GOP presidential candidate John McCain proposed a massive $300 bailout for struggling homeowners, on top of the $300 billion Dodd-Frank legislation passed by Congress during Tuesday’s presidential debate.
McCain is suggesting his “American Homeownership Resurgance Plan” be taken as a carve-out of the Treasury Secretary Hank Paulson's $700 billion financial "rescue" package to empower the Treasury to purchase bad mortgages and refinance them to 5 percent fixed rate for homeowners who can’t afford their current payments.
“I would order the Secretary of the Treasury to immediately buy up the bad home loan mortgages in America and renegotiate at the new value of those homes -- at the diminished value of those homes and let people be able to make those -- be able to make those payments and stay in their homes,” McCain said at the debate.
This essentially would replicate existing legislation written by Democratic Sen. Chris Dodd (Conn.) and Democratic Rep. Barney Frank (Mass.) to give the Federal Housing Administration the authority to guarantee up to $300 billion in bad loans.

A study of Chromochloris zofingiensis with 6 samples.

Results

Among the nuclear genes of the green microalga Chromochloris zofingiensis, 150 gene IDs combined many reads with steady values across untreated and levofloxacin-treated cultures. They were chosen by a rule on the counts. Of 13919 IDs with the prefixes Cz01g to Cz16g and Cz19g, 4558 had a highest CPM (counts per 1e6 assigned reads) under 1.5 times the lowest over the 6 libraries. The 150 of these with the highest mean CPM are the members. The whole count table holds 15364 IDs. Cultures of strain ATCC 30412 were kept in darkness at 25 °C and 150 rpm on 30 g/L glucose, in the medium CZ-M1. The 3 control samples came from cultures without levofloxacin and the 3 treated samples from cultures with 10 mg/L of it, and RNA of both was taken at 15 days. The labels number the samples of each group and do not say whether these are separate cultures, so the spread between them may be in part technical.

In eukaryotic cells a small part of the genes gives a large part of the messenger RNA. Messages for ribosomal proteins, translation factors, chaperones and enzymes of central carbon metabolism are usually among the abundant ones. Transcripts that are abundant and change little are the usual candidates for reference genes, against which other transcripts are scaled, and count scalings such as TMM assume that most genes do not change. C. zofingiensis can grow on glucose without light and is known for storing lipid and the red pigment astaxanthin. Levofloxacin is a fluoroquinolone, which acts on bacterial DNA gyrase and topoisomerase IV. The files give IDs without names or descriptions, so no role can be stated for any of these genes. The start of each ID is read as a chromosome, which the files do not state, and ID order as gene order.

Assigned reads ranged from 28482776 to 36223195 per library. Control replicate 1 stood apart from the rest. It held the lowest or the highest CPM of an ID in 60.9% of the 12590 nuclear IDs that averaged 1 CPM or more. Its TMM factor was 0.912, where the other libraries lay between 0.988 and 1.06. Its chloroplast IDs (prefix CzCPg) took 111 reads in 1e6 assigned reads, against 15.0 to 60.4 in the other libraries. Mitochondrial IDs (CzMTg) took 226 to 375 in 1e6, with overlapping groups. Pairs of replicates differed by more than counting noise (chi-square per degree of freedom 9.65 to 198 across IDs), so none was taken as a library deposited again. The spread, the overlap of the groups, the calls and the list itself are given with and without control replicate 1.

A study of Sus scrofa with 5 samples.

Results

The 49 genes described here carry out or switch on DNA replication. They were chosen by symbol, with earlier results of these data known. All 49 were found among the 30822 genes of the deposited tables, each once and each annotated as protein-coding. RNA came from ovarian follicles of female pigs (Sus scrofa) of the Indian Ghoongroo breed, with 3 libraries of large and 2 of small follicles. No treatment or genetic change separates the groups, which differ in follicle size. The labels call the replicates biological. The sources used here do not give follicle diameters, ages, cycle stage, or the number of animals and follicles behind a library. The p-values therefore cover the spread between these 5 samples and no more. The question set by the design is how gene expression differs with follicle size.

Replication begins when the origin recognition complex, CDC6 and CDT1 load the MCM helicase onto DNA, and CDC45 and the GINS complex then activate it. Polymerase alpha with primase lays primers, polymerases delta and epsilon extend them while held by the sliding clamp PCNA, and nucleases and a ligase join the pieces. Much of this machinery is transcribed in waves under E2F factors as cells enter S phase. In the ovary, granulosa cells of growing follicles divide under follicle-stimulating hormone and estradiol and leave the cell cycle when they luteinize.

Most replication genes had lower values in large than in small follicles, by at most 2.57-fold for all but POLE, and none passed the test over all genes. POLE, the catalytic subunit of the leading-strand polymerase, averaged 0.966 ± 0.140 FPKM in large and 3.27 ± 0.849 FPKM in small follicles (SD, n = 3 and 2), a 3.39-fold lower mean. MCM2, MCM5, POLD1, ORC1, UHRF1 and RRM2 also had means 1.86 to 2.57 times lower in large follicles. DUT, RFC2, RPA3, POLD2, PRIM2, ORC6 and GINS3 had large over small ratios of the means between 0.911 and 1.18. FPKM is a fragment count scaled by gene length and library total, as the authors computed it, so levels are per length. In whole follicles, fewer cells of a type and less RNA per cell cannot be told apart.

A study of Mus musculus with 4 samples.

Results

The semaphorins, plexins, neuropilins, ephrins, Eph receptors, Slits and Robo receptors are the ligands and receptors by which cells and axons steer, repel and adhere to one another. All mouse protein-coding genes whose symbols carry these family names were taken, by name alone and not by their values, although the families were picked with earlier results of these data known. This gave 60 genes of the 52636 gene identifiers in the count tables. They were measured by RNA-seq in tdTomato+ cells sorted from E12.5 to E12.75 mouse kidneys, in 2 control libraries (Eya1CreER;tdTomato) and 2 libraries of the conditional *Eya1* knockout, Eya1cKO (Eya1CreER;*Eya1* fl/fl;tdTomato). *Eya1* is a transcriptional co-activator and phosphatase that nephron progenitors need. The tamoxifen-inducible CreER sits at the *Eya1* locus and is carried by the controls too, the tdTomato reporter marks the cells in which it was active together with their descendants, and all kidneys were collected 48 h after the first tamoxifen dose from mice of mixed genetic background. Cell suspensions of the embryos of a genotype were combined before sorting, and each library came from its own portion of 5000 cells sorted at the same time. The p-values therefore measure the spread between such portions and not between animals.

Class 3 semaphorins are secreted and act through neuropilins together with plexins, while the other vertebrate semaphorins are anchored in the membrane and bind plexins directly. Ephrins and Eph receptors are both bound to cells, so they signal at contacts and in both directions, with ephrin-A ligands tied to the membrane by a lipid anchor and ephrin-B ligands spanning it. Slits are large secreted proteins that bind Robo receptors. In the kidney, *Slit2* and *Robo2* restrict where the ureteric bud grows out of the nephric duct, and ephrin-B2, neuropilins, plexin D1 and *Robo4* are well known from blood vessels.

Dodd-Frank, which was signed by President Bush last July, was strongly opposed by a cabal of conservatives who said it forced taxpayers to bailout out greedy lenders and irresponsible home buyers.
After Dodd-Frank passed through Congress House Minority Leader John Boehner (R.-Ohio) said, "I'm deeply disappointed the White House will sign this bill in its current form. We must take responsible steps to ensure our financial and housing markets are sound, but the Democrats' bill represents a multibillion dollar bailout for scam artists and speculative lenders at the expense of American taxpayers."
McCain’s plan, however, is designed to go even farther than Dodd-Frank.
Doug Holtz-Eakin, senior policy adviser to the McCain campaign told reporters on a conference call Wednesday morning, “We know there’s been a lot of talk about stabilizing financial markets and using direct purchase authority out of the administration but it does not seem that has been targeted effectively at least in the public discussion on the real problem, which is the housing market. It’s also true that were initiatives, the Dodd-Frank proposals to help some homeowners but they weren’t very broad in scope and they were typically efforted to help 400,000, 500,000 homeowners in an economy where we have many, many times that who are troubled.”
“We can help literally millions of people,” Holtz-Eakin said. “The first step is that you have to desire to refinance…the question is, how many people will pick up the phone.”